Last week’s post dealt with the “pre-game” meeting. If you’ve not read it, stop here and do so. It will make what I say today much more meaningful!
The post-game meeting is often problematic for a very simple reason, it’s after the game and therefore the cold, hard reality of a result is front and center. Prior to the game, well, hope does spring eternal regardless of the odds of success. Not so following! To deal with triumph or disaster I’ll refer to the words of a bard far more eloquent that I, Rudyard Kipling who wrote in his classic poem “If”…
And treat those two impostors just the same …
And that’s the trick, to treat them the same for they both provide valuable lessons if you’re willing to listen! But do we listen? I’d suggest for many the answer is “no”!
After a “win” for many years, the next step after changing out of curling gear was straight to the club bar for an after game libation with teammates and perhaps, your defeated opponent. There was going to be little discussion of any great substance in that environment. Talk would have revolved around anything and everything BUT the game just concluded. When teams announce to me that they’ve just come off a winning performance, they’ll get a question fired back at them that goes something, no, exactly like this, “Do you know WHY you performed well enough to win”? Did you (pl.) even talk about the reasons why you performed well and if you actually did that, did someone record those reasons for future reference? I’ll postulate that the answer to both questions is quite likely a resounding “No”! What a golden opportunity you have lost! Never lose that precious information again because when “things ain’t goin’ so good” you’ll wish you had! Look at it as insurance for the future against a downward spiral of less than spectacular performances which just may result in a string of “l’s”. But, when you lose, don’t lose the lesson(s)!
So let’s have a more detailed look at the post-game meeting. Again, as with the first admonition with the pre-game meeting, have one! Don’t backslide to the old ways of heading for the bar. Tell your opponent, if you’re playing in an atmosphere where socializing after games is expected, that you’ll be with them in due course. These post-games don’t have to be the NHL/NHLPA negotiations. It’s your teammates who will sit across the table from you and you’re working together to move the yardsticks down the field. It’s not adversarial!
Second, what do we discuss? Well, go back to the meat of the pre-game meeting, Did your game plan work as you anticipated (remembering that’s it’s only a way to “start” the game)? But most importantly, how did everyone do on their stated personal performance goals? Go around the table. If you as the lead stated that you were going to get an interval time on every draw the opposition played and they played 56 of them, did you get 56 times? No? What happened? On two occasions I was helping my front end partner deal with a release issue he/she was having so I was 54/56 on my personal performance goal! That’s a success rate of 96%. As Henry Ford said, “If you can’t measure it. You can’t manage it!” After everyone has checked in with the report card on their personal performance goal, examine your “team performance goal”. It may have been to only allow one multiple score by your opponents. Well, did they only get one or didn’t they?
Goals to have any real significance must meet the SAMM test. They have to be specific, attainable, measurable and mutual.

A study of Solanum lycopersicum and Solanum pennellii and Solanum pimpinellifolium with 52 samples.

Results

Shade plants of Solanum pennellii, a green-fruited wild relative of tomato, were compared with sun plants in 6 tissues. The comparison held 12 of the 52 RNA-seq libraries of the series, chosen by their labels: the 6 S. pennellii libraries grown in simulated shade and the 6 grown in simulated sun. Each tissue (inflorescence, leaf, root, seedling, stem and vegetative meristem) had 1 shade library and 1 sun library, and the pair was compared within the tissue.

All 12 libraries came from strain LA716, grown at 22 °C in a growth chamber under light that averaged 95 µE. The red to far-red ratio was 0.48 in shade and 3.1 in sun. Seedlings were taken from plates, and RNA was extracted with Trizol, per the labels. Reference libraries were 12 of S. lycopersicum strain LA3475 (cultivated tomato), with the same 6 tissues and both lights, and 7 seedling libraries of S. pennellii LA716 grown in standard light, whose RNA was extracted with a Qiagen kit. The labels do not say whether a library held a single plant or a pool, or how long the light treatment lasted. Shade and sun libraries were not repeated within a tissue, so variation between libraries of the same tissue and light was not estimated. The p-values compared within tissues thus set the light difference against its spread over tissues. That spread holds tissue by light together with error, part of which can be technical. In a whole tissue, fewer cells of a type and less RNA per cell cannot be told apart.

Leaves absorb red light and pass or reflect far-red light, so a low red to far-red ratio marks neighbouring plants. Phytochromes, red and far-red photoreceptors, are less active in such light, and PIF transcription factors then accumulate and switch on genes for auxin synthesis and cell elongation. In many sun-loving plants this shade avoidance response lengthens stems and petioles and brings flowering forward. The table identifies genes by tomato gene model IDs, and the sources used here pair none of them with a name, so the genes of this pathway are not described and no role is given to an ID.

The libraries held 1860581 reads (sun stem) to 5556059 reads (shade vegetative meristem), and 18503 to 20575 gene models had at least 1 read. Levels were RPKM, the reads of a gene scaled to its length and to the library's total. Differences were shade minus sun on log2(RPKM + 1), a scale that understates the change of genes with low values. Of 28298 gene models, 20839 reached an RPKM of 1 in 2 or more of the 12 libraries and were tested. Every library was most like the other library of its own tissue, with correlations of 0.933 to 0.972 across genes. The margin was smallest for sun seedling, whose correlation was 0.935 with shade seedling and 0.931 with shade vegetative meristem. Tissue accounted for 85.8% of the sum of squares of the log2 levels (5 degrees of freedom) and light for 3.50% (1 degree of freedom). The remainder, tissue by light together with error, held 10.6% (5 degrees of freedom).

So many times I hear athletes/teams say things like, “We want to play better!” or “I want to have better draw weight.” or the classic, “I/we want to be a formidable opponent.” Noble hopes and aspirations but that’s all they are. They are not valueless but their value is severely limited.
Outcome goals such as the ones stated above are fine. Don’t misunderstand but as standalone goals with no performance support, their value plummets, and plummets quickly! And that’s the key to goal setting. Start with an outcome goal then build a string of SAMM goals that support it. When you do that, you’re going somewhere and the “breadcrumbs” you leave will be there when you need them in the future, and you will need them!
Another item that frequently finds its way onto the post-game agenda is the team’s “communication protocol”. Is it still working? Does it need any tweaking? If so, let’s get ‘er done!
This may sound somewhat hard-hearted but I’m at a point in my coaching career whereby I refuse to work with an individual or team that only has outcome goals. You can’t control outcome goals! Performance goals are where it’s at! Stick with them.
The last point I’d like to make on the topic of performance goals is the last item on the agenda. Before you leave the discussion of the game just completed, make sure each player has the floor to say anything he/she wishes! Always end that way! The teammate who’s feeling somewhat embattled and is quiet during much of the post-game meeting will, in many cases, let it out when he/she has the floor and the rule is that everyone else has but one task. Listen! No interruptions! Listen! And that means you/me coach!
Oh yah, did someone write all this down in the team “Bible”?
When I’m coaching at a major competition, when the post-game meeting ends (usually at the hotel, our favourite place for the meetings) we morph into the pre-game for the next contest so when we arrive at the venue, we’re ready to play!!!! Wow, what a great attitude! “We just can’t wait to play!”
Send me an email (firstname.lastname@example.org). Let me know how your pre-game and post-game meetings are going. If handled properly, the result should be improved team performance (there’s that word again, performance).